Via (top to bottom):
1, 2, 3, 4, 5, 6, 7, 8, 9, 10, 11, 12
|Groundhog Day Blizzard of 2011. Credit: NOAA|
|Billion-dollar-plus natural disasters between 1980 and 2010, |
using a GNP inflation index.
|A picture of the EF3 tornado that struck Tushka, Oklahoma, 14 April 2011. Credit: Gabe Garfield and Marc Austin via NOAA.|
|Wildfires in Texas as of 30 April 2011. At this point more than two million acres/809,371 hectares had already burned. Credit: NASA Earth Observatory, image created by Jesse Allen.|
|This map depicts rainfall for the Midwest from April 19 to 25, when totals ranged from 150 millimeters/5.9 inches to greater than 525 millimeters/20.7 inches, prompting major flooding. Credit: NASA Earth Observatory, image by Jesse Allen.|
- $500 million loss to agriculture in Arkansas
- $320 million in damage to Memphis, Tennessee
- $800 million loss to agriculture in Mississippi
- $317 million loss to agriculture and property in Missouri's Birds Point-New Madrid Spillway
- $80 million loss for the first 30 days of flood-fighting efforts in Louisiana
Although some studies suggest that trends such as population increases, population shifts into higher risk areas, and increasing wealth have been the key factors in weather related disasters (as opposed to historical trends in the frequency or strength of such events), there is evidence that climate change may affect the frequency of certain extreme weather events. An increase in population and development in flood plains, along with an increase in heavy rain events in the U.S. during the past fifty years, have gradually increased the economic losses due to flooding. If the climate continues to warm, the increase in heavy rain events is likely to continue. While trends in extratropical cyclones are not clear, there are projections that the incidence of extreme droughts will increase if the climate warms throughout the 21st century.
|Credit: the National Weather Service's Climate Prediction Center|
|Ganges and Brahmaputra Rivers, India and Bangladesh|
|Amazon River, Brazil|
|Yukon River, Alaska|
|Lena River, Russia|
|Rhine-Meuse-Scheldt Rivers, the Netherlands|
|Irrawaddy River, Burma|
|Mackenzie River, Canada|
|Saskatchewan River, Canada|
|Niger River, Mali|
|Nile River, by night, Egypt|
Population declines and the extinction of marine organisms may be largely underestimated due to the difficulties involved in making scientific observations. However, data sources other than scientific time-series have proven useful in providing relevant information to marine scientists in cases that are normally considered "data-poor." Some studies have used traditional (or local) ecological knowledge to reconstruct temporal population trends and discover near-extinctions of marine fauna, while studies that compare the results from scientific research with evidence based on fishers' experience have shown that both sources of knowledge give similar results and can be used to detect the essential trends.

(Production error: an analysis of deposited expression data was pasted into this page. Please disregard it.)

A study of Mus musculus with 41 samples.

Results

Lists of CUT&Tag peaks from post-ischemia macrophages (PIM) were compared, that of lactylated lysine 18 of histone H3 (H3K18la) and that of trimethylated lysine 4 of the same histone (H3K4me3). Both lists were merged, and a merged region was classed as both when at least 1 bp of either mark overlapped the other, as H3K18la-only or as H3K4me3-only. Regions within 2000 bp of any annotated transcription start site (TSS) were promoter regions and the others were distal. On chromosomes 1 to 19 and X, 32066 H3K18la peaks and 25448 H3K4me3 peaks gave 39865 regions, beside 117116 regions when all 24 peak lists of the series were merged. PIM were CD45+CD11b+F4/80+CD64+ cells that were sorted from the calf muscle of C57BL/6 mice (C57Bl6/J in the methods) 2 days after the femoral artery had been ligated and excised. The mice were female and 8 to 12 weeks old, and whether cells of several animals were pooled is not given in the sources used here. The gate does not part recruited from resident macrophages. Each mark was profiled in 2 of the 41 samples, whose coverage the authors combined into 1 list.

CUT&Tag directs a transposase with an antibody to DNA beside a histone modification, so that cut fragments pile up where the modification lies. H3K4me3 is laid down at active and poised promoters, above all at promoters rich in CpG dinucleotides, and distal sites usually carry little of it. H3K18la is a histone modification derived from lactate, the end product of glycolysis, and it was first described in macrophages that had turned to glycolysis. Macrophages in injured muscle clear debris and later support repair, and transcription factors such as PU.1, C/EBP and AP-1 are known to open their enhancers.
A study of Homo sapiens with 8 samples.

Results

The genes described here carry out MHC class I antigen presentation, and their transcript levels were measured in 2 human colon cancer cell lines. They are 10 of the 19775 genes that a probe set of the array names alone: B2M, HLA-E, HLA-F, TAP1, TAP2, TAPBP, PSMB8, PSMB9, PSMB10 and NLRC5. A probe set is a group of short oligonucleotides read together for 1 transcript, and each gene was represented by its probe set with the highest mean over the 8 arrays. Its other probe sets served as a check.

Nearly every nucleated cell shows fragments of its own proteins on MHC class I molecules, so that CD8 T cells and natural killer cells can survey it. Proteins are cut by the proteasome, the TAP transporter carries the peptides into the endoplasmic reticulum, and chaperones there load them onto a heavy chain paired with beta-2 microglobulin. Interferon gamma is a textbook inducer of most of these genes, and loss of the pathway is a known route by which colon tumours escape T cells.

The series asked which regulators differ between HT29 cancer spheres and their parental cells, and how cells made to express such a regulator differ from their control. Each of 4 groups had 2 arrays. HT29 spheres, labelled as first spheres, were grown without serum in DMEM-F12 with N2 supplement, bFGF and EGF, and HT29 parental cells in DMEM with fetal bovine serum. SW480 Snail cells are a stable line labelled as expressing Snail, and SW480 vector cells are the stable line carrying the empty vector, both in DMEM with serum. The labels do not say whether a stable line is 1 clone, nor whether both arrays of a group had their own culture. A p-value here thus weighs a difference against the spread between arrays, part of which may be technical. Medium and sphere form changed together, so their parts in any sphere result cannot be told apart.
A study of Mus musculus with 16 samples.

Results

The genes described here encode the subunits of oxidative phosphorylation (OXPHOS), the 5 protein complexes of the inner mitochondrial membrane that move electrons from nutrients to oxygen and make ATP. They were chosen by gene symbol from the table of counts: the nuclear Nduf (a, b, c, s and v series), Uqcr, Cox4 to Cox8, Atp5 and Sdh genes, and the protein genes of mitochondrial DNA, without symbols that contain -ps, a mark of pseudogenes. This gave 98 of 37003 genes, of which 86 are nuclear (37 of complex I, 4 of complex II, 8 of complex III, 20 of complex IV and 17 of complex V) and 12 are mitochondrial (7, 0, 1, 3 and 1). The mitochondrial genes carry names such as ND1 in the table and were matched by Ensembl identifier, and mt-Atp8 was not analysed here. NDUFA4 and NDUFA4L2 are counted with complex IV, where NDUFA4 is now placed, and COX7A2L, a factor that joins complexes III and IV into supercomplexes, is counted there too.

[S]moothhounds Mustelus mustelus [a kind of shark] are likely to have disappeared in the Catalan Sea before 1979, and angelsharks Squatina squatina before 1959. In western Italy, angelsharks would have disappeared by the early 1980s near the mainland and the mid-1980s in Sardinia. Smoothhounds became functionally extinct in 1990 in Italy and Greece, with only sporadic records thereafter. The sturgeon Acipenser acipenser had become extinct in the North Adriatic by 1966.
If we accept that commercial trawl fishers are independent observers of the marine system, [our] results suggest that the abundance of large marine fauna has decreased considerably during the 20th century in the Mediterranean Sea (in agreement with the results of other studies), and therefore fishers' observations during a lifetime of professional activity can provide a qualitative measure of this decline.
Now if I was a public health official, and I was trying to understand how a warming planet might impact my life, then here is how I would think about it. First, the Gulf of Mexico and the Pacific are going to be warmer, and hence, there will be more humid air. This will mean, with regard to human health for the central U.S., heat waves will become more dangerous, without necessarily becoming hotter. It is also reasonable to expect heat waves will become more frequent and last longer, because those persistent, stuck high pressure systems are, in part, forced by the higher sea surface temperatures. If I am a public health official here is my algorithm—heat waves are already important to my life, and they are likely to get more dangerous, more frequent, and of longer duration.
The drought in the south central and southeast of the United States reached epic proportions. Carlsbad, New Mexico went 233 days with no measurable precipitation until a meager 0.01" fell on June 2nd and it has not rained again since (as of July 15th). Pecos, Texas just received 0.02" of precipitation on July 14th, its first measurable amount since September 23, 2010 (293 consecutive dry days). Albuquerque, New Mexico has only had 0.19" of precipitation since January 1st (as of July 15th).For the period of January through June this year has so far been the driest on record (117 years) for the states of New Mexico, Texas, and Louisiana.
Carbon monoxide is a colorless, odorless gas that damages human health by limiting the flow of oxygen through the body. It is also a key ingredient in the production of harmful ground-level ozone and urban haze.